Companies who deal with high volume file transfers on a regular basis quickly run out of storage space. So, with all the the talk about the scalability of the cloud, you might be wondering — wouldn't it be wise to start moving the files you accumulate to a cloud storage service? Of course it is. But there's a proper way to do it.Read More
Managed File Transfer and Network Solutions
Sending someone multi-megabyte or even gigabyte-sized files is getting more common these days. For example, in our Help Desk, it's normal to receive a zip file of log data of over 100MB. While it might seem this is just a highly specialized case that's only common in the tech business, it's not.
A single high resolution image can already run up to a few megabytes, while a regular video can easily exceed 50MB. We often use videos and images in our Power Point presentations and other files, so media file attachments of these types can be pretty common.
The problem is, people often resort to solutions that aren't suitable for sending large files, especially in an enterprise environment. Email, which is the most common way of sending files, is not suitable for this. So are other methods many people unwisely use at work for sharing really big files; files that are even much larger than a gigabyte.Read More
Although it's been around for quite a while, Single Sign-On or SSO has just started gaining widespread adoption. But it's spreading real fast. In fact, if you surf the Web everyday, I bet you've seen many websites inviting you to login using one of these ...
You can do many things with your big data if you can bring it to the cloud. You can run business intelligence or data analytics with it and obtain valuable insights. You can make it available to consumers and customers anytime/anywhere and facilitate better collaboration and product distribution. Or you can simply store it for safekeeping.
JSCAPE is pleased to announce the release of AnyClient 5.0. This release provides users with automatic two-way synchronization of site settings between their desktop installations of AnyClient and their AnyClient Web account.
E-Discovery can be a very expensive and time-consuming process. Hence, it would be wise to minimize the possible impact of exposure. One way to achieve this is to eliminate activities that result in needless dispersion of electronically stored information (ESI). Incidentally, one such activity exists in the realm of file transfers and that's what we're going to talk about now.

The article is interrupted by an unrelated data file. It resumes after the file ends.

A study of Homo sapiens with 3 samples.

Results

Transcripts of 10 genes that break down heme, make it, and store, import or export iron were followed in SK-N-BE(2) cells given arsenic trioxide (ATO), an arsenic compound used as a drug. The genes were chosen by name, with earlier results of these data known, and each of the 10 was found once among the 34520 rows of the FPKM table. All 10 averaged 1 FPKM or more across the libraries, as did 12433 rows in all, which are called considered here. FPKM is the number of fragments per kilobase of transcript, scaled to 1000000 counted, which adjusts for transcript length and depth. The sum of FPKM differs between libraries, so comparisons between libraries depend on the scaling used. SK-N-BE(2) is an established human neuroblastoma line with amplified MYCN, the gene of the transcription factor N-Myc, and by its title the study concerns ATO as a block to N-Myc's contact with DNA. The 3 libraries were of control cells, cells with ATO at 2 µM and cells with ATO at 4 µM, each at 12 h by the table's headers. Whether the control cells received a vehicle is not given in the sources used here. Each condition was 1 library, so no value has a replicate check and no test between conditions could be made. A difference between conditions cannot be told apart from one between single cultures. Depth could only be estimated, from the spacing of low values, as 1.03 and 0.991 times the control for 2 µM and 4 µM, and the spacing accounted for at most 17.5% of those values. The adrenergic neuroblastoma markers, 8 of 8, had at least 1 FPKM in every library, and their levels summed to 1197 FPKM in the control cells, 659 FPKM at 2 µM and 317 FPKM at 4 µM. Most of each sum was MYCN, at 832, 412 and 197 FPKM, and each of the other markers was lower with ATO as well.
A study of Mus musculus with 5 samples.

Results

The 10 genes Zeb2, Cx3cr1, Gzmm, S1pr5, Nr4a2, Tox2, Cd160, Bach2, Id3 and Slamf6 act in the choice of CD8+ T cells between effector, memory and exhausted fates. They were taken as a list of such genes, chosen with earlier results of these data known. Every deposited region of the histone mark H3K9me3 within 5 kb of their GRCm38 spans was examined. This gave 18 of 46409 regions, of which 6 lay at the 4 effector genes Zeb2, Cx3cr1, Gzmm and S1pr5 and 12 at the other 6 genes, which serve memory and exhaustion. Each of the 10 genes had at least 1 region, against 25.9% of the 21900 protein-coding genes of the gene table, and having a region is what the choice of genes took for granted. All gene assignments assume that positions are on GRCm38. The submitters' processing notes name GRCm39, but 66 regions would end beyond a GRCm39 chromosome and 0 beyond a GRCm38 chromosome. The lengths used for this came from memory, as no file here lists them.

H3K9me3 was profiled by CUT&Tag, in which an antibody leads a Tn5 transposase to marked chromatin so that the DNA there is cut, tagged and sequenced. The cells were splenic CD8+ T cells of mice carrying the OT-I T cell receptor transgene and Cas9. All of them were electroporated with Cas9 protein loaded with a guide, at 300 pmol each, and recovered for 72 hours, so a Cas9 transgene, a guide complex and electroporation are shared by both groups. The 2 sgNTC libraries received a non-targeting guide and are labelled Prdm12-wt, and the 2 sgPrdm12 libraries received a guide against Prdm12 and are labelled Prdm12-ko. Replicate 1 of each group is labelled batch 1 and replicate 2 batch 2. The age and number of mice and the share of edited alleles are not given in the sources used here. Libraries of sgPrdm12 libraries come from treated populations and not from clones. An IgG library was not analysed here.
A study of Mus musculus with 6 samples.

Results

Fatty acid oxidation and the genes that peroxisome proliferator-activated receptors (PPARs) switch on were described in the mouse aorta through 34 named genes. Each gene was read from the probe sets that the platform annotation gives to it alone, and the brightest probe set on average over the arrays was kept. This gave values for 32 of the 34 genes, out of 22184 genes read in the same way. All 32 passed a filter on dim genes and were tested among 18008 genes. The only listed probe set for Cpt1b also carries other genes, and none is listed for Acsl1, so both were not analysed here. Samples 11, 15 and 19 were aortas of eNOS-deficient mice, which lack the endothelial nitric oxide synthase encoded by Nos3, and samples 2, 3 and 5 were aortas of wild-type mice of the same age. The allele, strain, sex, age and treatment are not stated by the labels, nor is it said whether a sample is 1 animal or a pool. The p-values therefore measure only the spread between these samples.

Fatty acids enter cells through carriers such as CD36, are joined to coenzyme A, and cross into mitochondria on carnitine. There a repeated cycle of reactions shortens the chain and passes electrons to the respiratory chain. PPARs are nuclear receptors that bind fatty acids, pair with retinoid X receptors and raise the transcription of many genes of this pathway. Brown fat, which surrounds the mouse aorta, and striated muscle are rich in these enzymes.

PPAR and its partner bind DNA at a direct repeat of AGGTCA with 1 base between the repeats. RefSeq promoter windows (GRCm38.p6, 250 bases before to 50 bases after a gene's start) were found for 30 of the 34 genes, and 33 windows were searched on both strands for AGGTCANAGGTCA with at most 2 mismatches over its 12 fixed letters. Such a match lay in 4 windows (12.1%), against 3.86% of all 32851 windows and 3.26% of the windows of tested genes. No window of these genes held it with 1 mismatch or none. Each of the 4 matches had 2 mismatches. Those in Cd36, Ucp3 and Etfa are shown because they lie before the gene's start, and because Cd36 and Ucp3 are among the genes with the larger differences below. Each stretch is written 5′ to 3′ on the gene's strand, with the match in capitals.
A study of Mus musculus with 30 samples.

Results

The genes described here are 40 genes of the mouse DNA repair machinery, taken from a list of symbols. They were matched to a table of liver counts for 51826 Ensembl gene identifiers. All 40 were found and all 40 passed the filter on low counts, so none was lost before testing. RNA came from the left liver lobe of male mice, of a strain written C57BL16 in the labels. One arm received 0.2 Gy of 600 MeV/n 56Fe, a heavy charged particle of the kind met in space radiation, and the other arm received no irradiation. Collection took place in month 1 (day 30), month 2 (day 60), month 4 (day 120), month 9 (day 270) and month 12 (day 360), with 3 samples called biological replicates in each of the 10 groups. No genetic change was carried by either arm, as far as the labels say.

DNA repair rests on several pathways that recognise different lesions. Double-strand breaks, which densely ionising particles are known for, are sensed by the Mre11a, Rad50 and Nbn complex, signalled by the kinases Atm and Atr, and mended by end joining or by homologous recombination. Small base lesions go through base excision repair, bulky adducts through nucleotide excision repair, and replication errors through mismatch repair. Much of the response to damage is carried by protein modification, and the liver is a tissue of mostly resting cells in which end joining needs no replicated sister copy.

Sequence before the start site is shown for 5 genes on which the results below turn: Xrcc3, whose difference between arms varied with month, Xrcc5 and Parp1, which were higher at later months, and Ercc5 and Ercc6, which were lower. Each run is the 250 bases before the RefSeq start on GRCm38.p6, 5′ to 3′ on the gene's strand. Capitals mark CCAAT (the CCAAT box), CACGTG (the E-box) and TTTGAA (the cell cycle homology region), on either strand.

In this video we will demonstrate how to use the free AnyClient application to connect to Amazon S3 services. With AnyClient you can transfer files to/from your Amazon S3 account, manage files, and create directories and buckets without having to log into the Amazon S3 administrative console.
Just a couple of months ago, Amazon rolled out Server Side Encryption (SSE) on its online storage web service, S3. This new feature allows you to encrypt files you upload to S3. Companies who are looking for better protection for data at rest and those who need to comply with regulations like HIPAA or data breach notification laws may find this bit of information very useful.
JSCAPE, a leading supplier of managed file transfer software and networking solutions, recently released version 4.0 of AnyClient, the company’s free file transfer client.
One feature that stands out in AnyClient 4.0 is its new support for the Amazon S3 protocol. This allows users who have Amazon Web Services accounts to connect to AWS, navigate through buckets, folders, and objects, and upload or download files.
Last October 4, Amazon Web Services (AWS) announced that there were already 566 billion objects in S3. That’s double the number they had 9 months earlier.
"There’s obviously a rapidly growing demand for cloud storage and computing, and more people will be looking for the most versatile file transfer tool to bring their files up to the cloud or down from it," said Van Glass JSCAPE CEO. "AnyClient 4.0 is just in time to meet that demand."
Also accompanying this latest version is an online documentation, support for automatic updates, and improved performance and usability in the AnyClient GUI.
AnyClient is a platform-independent client that allows users to transfer files using a wide selection of protocols. Prior to version 4.0, AnyClient already supported FTP, SFTP/SSH, FTP/Implicit SSL, FTP/SSL (AUTH TLS), WebDAV, and AFTP (TCP and UDP).
Van added, "Many people no longer just store files in their laptops or desktops. In this highly networked society, you normally have files on different servers and service providers, each using different protocols. We want people to connect to all of them from practically any operating system using just one client. Each version of AnyClient brings us a step closer to that objective."